Straw Hat #s 3 and 4

Oval Start

Oval Start

The Human straw hat disassembly/Hitty-hat millinery project continues.  I had a couple of girls interested in Straw Boaters, so I started with an oval crown…

Twisting straw

Twisting straw

I am reluctant to cut the braid, because the hats are already small and fiddly and messing with a lot of small cut ends is tricky.  So the shaping of these little straw hats is accomplished by a few methods that don’t involve cutting.  In some places I have gathered one edge of the braid to create a curve, and in other places I have made a particular shape by slipping the working end of braid under the sewn part of the hat. Both those methods were described in the Straw Hat #2 blog yesterday.

Here is another way  – twisting and folding the straw braid to get the braid into position, or change direction.  Here the braid is twisted twice to get the braid from the vertical hat  sides down to horizontal in order to make a flat brim.

 

 

Finishing off

Finishing off

Finishing off the Straw Boater…

 

A Couple of Boaters

A Couple of Boaters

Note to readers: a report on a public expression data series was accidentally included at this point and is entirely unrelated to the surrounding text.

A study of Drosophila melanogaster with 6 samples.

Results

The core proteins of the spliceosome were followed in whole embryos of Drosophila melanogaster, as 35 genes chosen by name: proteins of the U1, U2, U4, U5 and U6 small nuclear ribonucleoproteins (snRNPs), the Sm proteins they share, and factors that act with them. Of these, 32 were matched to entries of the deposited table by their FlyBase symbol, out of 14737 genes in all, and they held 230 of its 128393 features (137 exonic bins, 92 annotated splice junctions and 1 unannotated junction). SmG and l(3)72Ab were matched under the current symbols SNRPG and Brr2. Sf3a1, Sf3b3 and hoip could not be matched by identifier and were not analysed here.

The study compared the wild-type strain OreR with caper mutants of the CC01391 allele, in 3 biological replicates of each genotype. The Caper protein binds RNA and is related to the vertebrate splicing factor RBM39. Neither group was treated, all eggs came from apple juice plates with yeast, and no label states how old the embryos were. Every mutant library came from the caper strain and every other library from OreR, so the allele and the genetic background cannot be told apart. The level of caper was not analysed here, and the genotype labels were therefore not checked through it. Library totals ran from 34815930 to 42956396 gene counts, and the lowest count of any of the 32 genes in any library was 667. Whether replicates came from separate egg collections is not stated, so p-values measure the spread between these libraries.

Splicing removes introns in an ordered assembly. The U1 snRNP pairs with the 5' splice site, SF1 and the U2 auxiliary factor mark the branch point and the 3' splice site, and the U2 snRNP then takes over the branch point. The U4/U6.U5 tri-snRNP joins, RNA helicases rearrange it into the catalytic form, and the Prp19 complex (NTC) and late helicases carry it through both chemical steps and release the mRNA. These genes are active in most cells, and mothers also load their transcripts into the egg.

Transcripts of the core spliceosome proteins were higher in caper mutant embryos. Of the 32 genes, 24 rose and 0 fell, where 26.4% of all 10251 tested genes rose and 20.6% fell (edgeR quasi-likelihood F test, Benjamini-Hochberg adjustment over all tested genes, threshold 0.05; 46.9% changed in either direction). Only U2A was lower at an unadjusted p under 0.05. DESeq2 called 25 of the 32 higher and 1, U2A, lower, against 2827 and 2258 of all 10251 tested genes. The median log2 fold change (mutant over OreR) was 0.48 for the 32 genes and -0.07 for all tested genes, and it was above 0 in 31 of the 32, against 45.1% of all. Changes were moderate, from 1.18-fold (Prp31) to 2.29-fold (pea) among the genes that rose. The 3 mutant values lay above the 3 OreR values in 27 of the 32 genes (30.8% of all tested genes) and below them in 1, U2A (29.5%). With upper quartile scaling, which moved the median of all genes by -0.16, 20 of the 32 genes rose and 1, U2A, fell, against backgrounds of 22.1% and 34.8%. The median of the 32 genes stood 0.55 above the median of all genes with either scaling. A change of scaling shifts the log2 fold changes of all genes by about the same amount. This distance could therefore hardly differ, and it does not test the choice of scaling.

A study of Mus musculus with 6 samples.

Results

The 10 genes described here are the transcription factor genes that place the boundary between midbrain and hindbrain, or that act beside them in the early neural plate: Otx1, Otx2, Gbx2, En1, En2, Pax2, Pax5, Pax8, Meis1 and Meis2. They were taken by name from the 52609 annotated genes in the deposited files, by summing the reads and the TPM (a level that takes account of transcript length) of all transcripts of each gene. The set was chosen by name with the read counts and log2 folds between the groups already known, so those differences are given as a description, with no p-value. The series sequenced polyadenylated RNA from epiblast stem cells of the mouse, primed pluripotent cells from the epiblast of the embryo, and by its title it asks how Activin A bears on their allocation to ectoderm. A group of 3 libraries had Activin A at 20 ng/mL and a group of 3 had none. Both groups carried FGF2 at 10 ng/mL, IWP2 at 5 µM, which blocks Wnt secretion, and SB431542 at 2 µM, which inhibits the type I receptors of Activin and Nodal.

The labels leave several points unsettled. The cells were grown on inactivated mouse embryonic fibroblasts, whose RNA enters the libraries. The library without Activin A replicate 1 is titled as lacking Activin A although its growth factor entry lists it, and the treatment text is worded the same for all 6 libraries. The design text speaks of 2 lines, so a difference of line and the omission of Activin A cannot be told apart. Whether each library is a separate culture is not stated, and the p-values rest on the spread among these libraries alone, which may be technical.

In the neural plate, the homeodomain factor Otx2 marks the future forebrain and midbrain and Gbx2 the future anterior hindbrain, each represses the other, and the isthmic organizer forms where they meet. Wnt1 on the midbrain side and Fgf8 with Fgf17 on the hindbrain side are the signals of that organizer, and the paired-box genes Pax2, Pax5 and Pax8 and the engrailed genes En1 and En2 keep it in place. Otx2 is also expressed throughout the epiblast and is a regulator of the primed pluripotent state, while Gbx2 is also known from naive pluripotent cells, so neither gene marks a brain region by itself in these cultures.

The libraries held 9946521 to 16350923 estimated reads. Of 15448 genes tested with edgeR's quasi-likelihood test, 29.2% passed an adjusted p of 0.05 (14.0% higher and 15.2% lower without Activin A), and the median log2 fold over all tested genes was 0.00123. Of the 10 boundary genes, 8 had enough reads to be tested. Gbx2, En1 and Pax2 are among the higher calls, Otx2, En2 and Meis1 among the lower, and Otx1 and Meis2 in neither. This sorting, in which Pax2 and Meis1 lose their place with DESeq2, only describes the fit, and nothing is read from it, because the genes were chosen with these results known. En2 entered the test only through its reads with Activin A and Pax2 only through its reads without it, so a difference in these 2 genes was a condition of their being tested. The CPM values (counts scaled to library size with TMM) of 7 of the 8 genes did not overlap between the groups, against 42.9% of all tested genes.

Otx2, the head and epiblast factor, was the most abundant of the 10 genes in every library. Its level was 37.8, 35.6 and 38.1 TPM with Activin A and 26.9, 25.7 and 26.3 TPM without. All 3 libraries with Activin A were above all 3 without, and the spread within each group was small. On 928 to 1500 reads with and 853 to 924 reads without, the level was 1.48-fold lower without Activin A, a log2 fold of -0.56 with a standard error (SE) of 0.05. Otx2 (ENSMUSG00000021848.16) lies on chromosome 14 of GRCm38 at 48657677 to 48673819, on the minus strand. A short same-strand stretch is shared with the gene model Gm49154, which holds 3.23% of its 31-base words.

I used couple of ribbons to accent the boaters.  Notice that Agathe’s hat (black ribbon) was sewn using polyester thread closer in colour to the paper hatstraw, so the stitching is less visible than on Opal’s hat (red ribbon).

Boaters

hmmm

…Gráinne thinks the Straw Boaters are cute and would be just fine worn on landlubbery boats like rowing sculls or gondolas. She can’t imagine straw hats being of any use on a real sailing ship after the first puff of wind at sea!

 

 

 


  1. Quimper Hitty, Thank you for your very kind comment. The link below shows how I made a bonnet mold out of polymer clay. PNB Doll Co. has lots of molds but not tiny ones. They carry lots of Swiss braid, but I don’t know if it’s man made or a natural straw. The brown that came with my hat mold was very flexible and easier to work with, but I’m sure it was a fabric type of material. Very pretty. The Italian straw I use is stiff, so I soak it in water and keep it in a damp cloth while I’m using it. I will say it’s hard to work with when trying to do a tiny beginning circle. Might be hard to make tiny Hitty hat’s with. I will spend some time looking at your blog, I don’t have a Hitty but she’s on my bucket list! I loved the book and watch them sell on E-bay, regularly! I have a few wooden Swiss dolls, and a couple of Eric Horne peg dollies…I love the woodens.
    http://littlecabincreations.blogspot.com/2013/05/mrs-bufkins-all-dressed-up-ozark-style.html Sherri

    • I’ve really enjoyed perusing your blog in the last few days. It isn’t all that easy to sew for Hitty, as she is smaller than many dolls, but I do enjoy figuring out patterns and adaptions! I love the woodens too (and the Quimper Hitty wooden clan is glad of that!)

  2. thank you for the tips and hints and photos and the inspiration!! Love those boaters but I can see that Grainne would not be able to use one.